For a book fair devoted exclusively to cookbooks, you’d be hard-pressed to find a better venue than, say, the Louvre Museum.
And that was the case this past weekend when that the Paris Cookbook Fair took place in the Carrousel du Louvre, below the Pyramid. The fair brought in nearly 3,000 attendees to visit 102 booths of publishers, writers, and agents.
Visitors were able attend any of the nearly 100 events scheduled during the weekend at either of two lecture stages, a show kitchen, or at the bar in the dining area. In one lecture, cookbook agent Lisa Ekus addressed a standing-room audience of foreign publishers and writers on “What American Publishers Want.” Conference founder and organizer Edouard Cointreau spoke on global cookbook trends. “Cookbooks, just like music, have become a global market,” Cointreau argued. In addition to cookbooks, Cointreau discussed books on wine, beer, and spirits.
“Wine and drink books account for only 5% to 15% of sales, except in countries that are newly coming into appreciation of wine and beer.” Like China, where Cointreau lives and which he noted has proven to be an increasingly bigger market.
In the bar of the dining area (where a goat cheese and asparagus quiche, salad, and coffee was had for 17 euro), German publisher 99 Pages Verlag presented its book on sake.
Over at the show kitchen, Bon Appetit Ya’ll author Virginia Willis demonstrated the beauty of pulled pork with Georgia barbecue sauce; Japanese actor and celebrity chef Mocomishi cooked from his book Moco’s Kitchen.
From Belgium was Jeroen Meus, a talented and personable young man (and new father) who has had a daily TV food show for several years. The fourth volume in his "Dagelijkse Kost" ("Daily Fare") series was published last year and has sold nearly 500,000 copies to date. The publisher Van Halewyck, known mostly as a publisher of serious nonfiction, hopes to introduce Meus to American audiences as Belgium’s Jamie Oliver. In total, Meus’ books sold a million copies last year, and that’s to a country of 12 million people, only half of whom speak Dutch, the language in which the book is published.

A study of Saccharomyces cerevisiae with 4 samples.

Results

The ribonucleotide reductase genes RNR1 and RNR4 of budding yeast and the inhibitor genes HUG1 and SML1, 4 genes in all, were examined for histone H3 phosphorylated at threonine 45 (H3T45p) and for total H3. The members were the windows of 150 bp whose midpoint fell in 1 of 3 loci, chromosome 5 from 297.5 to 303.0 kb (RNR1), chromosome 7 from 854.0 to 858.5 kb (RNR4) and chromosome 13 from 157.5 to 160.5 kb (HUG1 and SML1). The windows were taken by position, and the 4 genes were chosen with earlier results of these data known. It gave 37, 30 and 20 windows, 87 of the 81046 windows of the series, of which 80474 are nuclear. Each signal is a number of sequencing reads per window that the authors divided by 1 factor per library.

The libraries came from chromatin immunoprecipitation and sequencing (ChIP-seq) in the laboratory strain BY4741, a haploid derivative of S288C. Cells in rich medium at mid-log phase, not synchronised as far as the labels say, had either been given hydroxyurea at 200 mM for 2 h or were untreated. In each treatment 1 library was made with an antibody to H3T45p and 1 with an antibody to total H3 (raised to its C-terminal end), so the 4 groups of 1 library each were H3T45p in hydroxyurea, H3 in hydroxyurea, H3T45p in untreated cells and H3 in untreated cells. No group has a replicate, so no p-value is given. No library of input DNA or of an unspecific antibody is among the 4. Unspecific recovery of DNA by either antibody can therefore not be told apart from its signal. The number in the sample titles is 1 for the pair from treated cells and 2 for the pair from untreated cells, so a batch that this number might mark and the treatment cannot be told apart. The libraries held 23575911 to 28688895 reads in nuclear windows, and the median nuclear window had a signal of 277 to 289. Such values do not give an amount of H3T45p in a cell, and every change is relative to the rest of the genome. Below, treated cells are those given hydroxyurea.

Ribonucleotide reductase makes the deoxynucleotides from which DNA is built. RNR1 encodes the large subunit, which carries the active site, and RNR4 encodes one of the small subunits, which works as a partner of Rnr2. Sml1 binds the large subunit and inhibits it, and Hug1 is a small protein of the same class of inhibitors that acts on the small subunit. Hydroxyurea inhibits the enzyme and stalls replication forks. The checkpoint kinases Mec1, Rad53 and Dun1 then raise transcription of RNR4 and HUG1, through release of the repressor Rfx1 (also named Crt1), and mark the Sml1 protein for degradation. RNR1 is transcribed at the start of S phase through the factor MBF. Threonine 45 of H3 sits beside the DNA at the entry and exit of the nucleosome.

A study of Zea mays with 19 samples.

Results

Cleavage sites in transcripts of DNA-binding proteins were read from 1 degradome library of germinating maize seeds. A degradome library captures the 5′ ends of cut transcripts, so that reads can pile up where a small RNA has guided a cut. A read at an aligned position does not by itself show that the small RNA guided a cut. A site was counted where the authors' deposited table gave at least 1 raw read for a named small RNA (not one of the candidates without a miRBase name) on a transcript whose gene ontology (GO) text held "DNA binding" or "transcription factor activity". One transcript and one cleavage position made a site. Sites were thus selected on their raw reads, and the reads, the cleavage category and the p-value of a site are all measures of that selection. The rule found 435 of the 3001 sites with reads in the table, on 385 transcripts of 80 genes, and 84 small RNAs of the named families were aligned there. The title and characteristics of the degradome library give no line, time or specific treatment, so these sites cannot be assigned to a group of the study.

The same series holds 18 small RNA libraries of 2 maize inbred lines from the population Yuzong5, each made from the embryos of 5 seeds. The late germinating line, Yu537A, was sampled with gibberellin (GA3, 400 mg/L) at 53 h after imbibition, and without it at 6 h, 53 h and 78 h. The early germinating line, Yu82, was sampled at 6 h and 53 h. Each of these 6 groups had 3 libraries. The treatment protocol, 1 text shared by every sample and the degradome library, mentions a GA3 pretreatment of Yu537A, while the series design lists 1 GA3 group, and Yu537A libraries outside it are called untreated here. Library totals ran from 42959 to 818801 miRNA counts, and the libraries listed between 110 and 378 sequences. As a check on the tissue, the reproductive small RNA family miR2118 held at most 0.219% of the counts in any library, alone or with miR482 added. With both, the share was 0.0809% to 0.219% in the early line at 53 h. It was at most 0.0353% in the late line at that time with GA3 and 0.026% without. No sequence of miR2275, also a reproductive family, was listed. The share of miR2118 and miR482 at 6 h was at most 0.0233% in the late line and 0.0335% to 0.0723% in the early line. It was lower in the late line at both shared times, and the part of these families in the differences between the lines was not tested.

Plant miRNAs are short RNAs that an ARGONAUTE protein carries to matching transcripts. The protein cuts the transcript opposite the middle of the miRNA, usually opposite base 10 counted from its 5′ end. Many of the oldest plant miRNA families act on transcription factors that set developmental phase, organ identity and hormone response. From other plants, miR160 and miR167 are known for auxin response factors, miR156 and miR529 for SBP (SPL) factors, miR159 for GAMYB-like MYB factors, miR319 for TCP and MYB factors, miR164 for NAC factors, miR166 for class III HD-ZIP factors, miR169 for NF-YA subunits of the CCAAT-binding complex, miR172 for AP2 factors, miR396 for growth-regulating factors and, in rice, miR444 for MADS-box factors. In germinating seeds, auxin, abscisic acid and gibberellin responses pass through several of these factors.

Just as in the U.S. , it appears that publishers from all over the world are interested in healthful eating, including vegan and raw foods. Canadian publisher Robert Rose appeared to be getting solid attention for its raw and juicing books. Alice Grigg, international rights executive from Bloomsbury U.K., was pleased with this year’s show, saying they’ve been busy selling rights.
The Paris Cookbook Fair culminates with the Gourmand Awards. There were 1,050 attendees at this event, hoping to receive one of about 80 awards. The event lasted over three hours, and the number of awards can seem overwhelming, but as Cointreau noted, “These awards are like the Olympics. If you only have 10 awards, they would all be won by the three or four biggest countries.” Indeed, the event had at times the nationalist feel of the Olympics, with some of the winning authors and publishers running up to the podium waving flags or wearing traditional costumes of their countries.